All Star Game Baseball

Trevor Story hits a home run July 17, 2018, during the All-Star Game in Washington.

The Denver area and the Colorado Rockies are playing host to this year’s MLB All-Star festivities. While we are now without hockey to bet on, and very little basketball remaining, we will still be able to make some wagers on the fun this weekend in the MLB. Everyone knows that chicks dig the long ball, but bettors and fans do as well. That is why we are going to look at Home Run Derby contenders here and see where the value is. (Lines from PointsBet.)

The favorite

Shohei Ohtani has been an absolute monster this year. Entering Thursday’s action, he has 32 home runs already in 330 plate appearances. Needless to say, he is the favorite to win the Home Run Derby. At +300, he is being given a 25% chance in the field of eight competitors. I think that is a fair number for him. I am never one to bet favorites in a futures market as they tend to be underlays, but I am not really sure that’s the case here. At worst, I think he’s one of the top four guys, which means if they all had an even chance of winning from that group, 25% would be fair value.

Considering I think Ohtani has the best chance to win, he theoretically should be higher than 25%, which means he should be shorter odds than +300. The Derby is not an efficient market, and the limits are low at most books. Therefore, the lines are not as sharp or as juiced as other futures markets we may bet into. For those two reasons, I think betting on the favorite here is an acceptable risk as he does offer some value at +300.

The returning champion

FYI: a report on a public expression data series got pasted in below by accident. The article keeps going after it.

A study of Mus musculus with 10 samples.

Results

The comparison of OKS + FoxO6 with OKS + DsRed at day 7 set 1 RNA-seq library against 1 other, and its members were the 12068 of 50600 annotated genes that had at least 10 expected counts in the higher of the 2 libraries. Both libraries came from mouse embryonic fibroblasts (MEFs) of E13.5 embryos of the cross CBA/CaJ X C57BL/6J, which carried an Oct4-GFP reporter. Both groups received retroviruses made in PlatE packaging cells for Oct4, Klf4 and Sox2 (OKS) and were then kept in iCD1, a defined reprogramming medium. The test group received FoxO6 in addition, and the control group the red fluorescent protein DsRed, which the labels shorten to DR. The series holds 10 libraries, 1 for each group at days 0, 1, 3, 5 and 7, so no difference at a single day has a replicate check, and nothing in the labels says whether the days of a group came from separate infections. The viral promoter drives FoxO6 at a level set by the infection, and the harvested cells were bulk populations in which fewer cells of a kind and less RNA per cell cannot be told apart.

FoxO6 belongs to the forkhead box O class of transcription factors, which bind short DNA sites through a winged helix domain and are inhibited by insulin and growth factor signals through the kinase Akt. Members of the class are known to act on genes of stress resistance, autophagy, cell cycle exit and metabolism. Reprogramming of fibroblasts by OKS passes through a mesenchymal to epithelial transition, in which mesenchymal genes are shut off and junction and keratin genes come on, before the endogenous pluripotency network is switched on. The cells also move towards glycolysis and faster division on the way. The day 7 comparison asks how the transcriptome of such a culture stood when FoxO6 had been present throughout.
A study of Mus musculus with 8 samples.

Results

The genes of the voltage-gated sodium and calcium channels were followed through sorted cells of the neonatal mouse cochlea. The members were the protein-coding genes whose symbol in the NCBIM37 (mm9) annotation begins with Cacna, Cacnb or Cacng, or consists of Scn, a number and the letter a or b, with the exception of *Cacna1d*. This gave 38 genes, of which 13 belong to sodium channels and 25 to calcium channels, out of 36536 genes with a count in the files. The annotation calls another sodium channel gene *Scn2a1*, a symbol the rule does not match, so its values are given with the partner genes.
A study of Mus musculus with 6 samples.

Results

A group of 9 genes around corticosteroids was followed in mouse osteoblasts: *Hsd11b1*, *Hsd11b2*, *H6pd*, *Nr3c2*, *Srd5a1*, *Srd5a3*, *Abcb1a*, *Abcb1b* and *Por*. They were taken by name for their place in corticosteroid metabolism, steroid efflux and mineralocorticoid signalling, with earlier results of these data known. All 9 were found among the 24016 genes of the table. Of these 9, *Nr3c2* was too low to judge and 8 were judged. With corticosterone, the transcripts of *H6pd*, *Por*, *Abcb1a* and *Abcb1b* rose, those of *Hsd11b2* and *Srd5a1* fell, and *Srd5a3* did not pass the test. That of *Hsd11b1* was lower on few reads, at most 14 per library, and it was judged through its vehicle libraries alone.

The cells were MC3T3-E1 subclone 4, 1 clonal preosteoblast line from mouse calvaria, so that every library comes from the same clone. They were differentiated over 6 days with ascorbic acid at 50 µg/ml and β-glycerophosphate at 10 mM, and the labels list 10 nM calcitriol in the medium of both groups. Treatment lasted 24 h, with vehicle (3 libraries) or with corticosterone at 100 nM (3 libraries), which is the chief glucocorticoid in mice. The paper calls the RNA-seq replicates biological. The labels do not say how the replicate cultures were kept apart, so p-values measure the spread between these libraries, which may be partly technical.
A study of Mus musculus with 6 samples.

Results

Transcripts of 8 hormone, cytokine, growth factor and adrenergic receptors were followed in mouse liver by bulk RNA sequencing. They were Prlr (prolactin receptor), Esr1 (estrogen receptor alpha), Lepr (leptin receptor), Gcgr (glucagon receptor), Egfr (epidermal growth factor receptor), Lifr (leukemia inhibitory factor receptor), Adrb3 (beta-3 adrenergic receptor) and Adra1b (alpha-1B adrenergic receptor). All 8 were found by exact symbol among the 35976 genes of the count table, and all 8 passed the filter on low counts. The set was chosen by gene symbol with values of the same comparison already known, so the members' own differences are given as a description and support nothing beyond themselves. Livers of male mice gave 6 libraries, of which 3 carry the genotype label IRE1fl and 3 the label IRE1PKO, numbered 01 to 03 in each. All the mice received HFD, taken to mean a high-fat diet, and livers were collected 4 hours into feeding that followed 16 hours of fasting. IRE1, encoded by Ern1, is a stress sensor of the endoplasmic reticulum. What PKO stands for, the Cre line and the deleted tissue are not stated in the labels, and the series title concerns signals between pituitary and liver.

Pete Alonso of the New York Mets was your 2019 HR Derby champ, the last time we had this event after the pandemic axed the 2020 Midsummer Classic. He is back this year to defend his title. Most books have him as the third favorite behind Ohtani and Joey Gallo. Currently you can find Alonso in the +400 to +450 range. At the best price of +450, that is an implied probability to win of 18%. Alonso had 53 homers in 2019. He had 16 in 57 games in 2020, so he was only slightly behind that 2019 pace. This year he has been down, though, with just 15 homers in 74 games entering Thursday. He had a homer every 13 plate appearances in 2019. This year, that number is one in every 19 plate appearances. He did have a big homer to tie the game against the Yankees in last weekend’s subway series. Unless Aroldis Chapman or another hard-throwing lefty is on the mound feeding him batting practices pitches, I’m likely to stay away from betting on him. Many have tried, but only Ken Griffey Jr. (1998, 1999) and Yoenis Cespedes (2013, 2014) have ever repeated as champion. Many more have tried and failed.

The longshot

If you want someone at juicier prices that can cash a ticket, my longshot play here is Trevor Story at +600. Salvador Perez, Matt Olson and Trey Mancini are the only three longer shots on the board. Story has not been flashing the power as much this season with only 11 homers through Wednesday, but this is a guy who averaged over 30 a season in his first four full seasons in the bigs. Story is also the hometown boy, so the Rockies fans are going to be going nuts anytime he smashes one out. If Story can feed off that energy and get into a groove, he could carry himself to the finals. We have seen some of the big boppers have massive early rounds only to gas out before the end. I’m hoping Story can sneak past the first round and come up with a big late round as others are starting to fade. If so, the 6-1 odds on the hometown kid will help pay the bar tab as we watch his glorious victory. That would make for a great night in Denver, and the betting life is really all about the … story.